NASCAR Is Officially Moving To A Centerlocking Wheel Design For Its Next Gen Car

NASCAR Is Officially Moving To A Centerlocking Wheel Design For Its Next Gen Car

NASCAR has been testing an 18-inch alloy wheel combination on the Next Gen prototype for a few months now, and Monday series officials announced that the 2021 Cup Series cars would officially be running a centre-locking single lug setup. This marks the end of an era in which NASCAR has been defined by 15″ steel wheels with five individual lugs. The new setup made its on-track debut in the Next Gen car’s fourth on-track test Monday.

NASCAR Senior VP of Innovation and Racing Development, John Probst, said that the move away from 15″ wheels was an effort to provide more relevance and correlation to today’s production cars. That, however, is total bullshit, as none of the Fords, Toyotas, or Chevrolets NASCAR racers are allegedly based upon use centre lock wheels, and many of them come standard with larger than 18″ wheels these days.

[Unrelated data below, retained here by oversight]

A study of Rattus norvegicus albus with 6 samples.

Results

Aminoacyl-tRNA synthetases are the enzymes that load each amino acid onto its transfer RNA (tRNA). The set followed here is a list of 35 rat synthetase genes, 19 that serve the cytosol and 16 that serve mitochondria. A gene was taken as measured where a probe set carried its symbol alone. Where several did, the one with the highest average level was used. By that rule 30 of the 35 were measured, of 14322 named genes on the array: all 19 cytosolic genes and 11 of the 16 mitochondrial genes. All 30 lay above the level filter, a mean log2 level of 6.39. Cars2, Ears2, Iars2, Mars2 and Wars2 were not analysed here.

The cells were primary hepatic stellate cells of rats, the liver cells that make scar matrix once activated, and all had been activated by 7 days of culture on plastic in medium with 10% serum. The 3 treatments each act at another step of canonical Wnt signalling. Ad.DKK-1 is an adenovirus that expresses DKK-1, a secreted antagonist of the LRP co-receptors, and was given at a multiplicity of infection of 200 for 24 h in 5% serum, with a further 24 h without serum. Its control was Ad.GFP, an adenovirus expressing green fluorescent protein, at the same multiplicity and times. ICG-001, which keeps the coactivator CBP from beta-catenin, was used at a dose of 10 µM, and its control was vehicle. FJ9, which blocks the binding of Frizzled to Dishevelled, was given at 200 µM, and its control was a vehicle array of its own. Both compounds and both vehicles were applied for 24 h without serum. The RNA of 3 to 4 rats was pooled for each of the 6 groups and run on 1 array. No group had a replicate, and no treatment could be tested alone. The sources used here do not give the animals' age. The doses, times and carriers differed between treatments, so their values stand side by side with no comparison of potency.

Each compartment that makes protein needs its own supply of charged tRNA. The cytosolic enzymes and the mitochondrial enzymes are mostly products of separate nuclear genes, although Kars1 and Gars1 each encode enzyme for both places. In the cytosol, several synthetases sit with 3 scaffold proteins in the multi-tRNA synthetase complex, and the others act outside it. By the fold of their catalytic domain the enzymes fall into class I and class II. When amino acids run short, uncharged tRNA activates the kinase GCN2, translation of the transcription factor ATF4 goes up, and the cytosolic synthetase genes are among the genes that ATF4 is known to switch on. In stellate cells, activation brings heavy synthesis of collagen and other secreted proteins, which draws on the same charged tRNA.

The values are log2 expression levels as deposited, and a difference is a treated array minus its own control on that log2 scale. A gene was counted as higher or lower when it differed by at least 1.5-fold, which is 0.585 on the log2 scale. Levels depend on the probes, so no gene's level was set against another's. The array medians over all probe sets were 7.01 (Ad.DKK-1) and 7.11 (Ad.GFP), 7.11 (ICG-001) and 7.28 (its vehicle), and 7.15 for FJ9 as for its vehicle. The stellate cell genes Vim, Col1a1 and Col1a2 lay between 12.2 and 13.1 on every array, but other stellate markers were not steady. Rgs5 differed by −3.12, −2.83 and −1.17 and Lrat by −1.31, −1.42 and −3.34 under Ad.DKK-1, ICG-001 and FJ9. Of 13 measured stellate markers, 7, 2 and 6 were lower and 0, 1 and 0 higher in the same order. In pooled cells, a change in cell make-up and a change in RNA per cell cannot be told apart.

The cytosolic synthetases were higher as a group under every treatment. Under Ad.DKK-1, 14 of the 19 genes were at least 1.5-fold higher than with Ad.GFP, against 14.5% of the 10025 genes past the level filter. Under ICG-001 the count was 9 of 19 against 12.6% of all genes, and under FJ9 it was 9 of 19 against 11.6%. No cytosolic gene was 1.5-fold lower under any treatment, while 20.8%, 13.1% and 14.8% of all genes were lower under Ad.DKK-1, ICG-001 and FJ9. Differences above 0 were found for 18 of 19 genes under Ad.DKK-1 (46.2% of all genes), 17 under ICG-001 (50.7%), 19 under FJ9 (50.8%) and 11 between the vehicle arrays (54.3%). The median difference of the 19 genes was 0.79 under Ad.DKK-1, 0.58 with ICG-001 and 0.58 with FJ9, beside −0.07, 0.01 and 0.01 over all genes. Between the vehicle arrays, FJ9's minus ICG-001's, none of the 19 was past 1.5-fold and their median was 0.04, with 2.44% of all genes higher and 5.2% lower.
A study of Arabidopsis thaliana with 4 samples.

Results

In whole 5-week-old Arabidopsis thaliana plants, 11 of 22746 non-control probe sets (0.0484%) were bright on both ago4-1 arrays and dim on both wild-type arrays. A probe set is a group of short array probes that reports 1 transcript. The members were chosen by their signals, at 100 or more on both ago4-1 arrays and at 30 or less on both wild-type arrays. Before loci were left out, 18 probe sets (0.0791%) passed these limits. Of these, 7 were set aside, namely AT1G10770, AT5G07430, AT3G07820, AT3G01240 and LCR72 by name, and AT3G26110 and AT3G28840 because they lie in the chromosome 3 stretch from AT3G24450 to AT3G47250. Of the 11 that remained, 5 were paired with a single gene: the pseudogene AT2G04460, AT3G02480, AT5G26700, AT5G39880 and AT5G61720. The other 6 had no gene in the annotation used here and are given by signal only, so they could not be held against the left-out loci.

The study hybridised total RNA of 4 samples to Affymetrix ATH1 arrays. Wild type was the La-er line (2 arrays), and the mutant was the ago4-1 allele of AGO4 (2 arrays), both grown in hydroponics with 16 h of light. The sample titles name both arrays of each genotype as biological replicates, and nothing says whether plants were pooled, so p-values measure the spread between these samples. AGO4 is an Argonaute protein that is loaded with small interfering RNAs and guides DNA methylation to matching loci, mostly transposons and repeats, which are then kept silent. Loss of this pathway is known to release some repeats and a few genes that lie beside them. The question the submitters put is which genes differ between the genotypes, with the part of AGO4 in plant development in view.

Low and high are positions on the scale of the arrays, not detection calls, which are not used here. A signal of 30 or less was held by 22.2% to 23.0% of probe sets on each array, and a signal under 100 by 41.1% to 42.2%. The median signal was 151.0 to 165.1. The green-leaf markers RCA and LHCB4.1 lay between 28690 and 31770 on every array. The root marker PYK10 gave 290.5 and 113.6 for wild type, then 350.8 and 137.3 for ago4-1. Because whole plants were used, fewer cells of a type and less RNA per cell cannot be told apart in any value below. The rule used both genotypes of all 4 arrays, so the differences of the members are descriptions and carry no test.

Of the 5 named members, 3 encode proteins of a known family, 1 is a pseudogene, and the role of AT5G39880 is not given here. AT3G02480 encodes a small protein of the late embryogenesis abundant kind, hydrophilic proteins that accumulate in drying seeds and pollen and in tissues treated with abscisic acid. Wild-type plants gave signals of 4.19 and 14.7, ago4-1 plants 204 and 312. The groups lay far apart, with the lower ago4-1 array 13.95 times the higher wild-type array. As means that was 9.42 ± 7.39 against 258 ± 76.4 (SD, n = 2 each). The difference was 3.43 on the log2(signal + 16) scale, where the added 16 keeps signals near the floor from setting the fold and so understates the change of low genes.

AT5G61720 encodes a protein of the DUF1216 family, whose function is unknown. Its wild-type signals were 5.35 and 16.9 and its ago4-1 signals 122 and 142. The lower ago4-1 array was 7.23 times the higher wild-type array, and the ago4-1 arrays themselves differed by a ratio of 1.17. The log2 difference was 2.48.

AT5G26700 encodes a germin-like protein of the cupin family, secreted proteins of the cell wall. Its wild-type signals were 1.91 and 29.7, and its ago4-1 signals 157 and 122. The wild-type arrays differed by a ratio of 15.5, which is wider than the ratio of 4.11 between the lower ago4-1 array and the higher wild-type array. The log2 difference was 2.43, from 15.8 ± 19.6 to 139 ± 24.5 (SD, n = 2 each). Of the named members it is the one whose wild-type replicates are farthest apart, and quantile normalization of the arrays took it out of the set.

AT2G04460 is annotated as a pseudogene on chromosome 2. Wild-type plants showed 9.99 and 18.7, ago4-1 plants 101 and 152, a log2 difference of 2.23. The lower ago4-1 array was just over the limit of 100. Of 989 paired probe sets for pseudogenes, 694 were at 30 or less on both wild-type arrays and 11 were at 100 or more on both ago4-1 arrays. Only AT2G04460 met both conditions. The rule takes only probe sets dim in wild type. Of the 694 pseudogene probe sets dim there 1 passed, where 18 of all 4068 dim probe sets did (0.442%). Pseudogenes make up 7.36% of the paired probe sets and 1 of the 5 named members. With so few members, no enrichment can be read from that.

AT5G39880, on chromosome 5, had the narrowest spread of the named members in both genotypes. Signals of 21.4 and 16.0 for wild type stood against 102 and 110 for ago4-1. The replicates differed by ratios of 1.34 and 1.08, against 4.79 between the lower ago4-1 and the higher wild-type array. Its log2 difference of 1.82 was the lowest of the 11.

“For us we felt like from a standpoint of the wheel is that we wanted to get to an 18-inch wheel, an aluminium wheel,” Probst said. “Once you get to an 18-inch aluminium wheel, the next step for us is to make sure that from a durability standpoint under racing conditions is that it will accept the durability that we need to finish races and then also finish multiple races. To do that, the single nut was our only option.”

In any case, fans are clearly concerned that the sport is changing from what they know, and that’s scary. If it’s any consolation, the single centre-locking lug nut is capable of swapping out in just 0.5 seconds per corner, while the current 5-lug pattern takes around 0.8 seconds per corner. Additionally, the centre locking lug makes the wheel about 30% more durable than the same alloy wheel with five holes in it.

According to NASCAR, a wide majority of teams are in favour of the change. It could make for some quite interesting pit stops, particularly in the first few races of next year, as teams get used to the change. NASCAR does not anticipate reducing the number of crew members over the wall with this change, and expects pit stops to drop to regularly under ten seconds.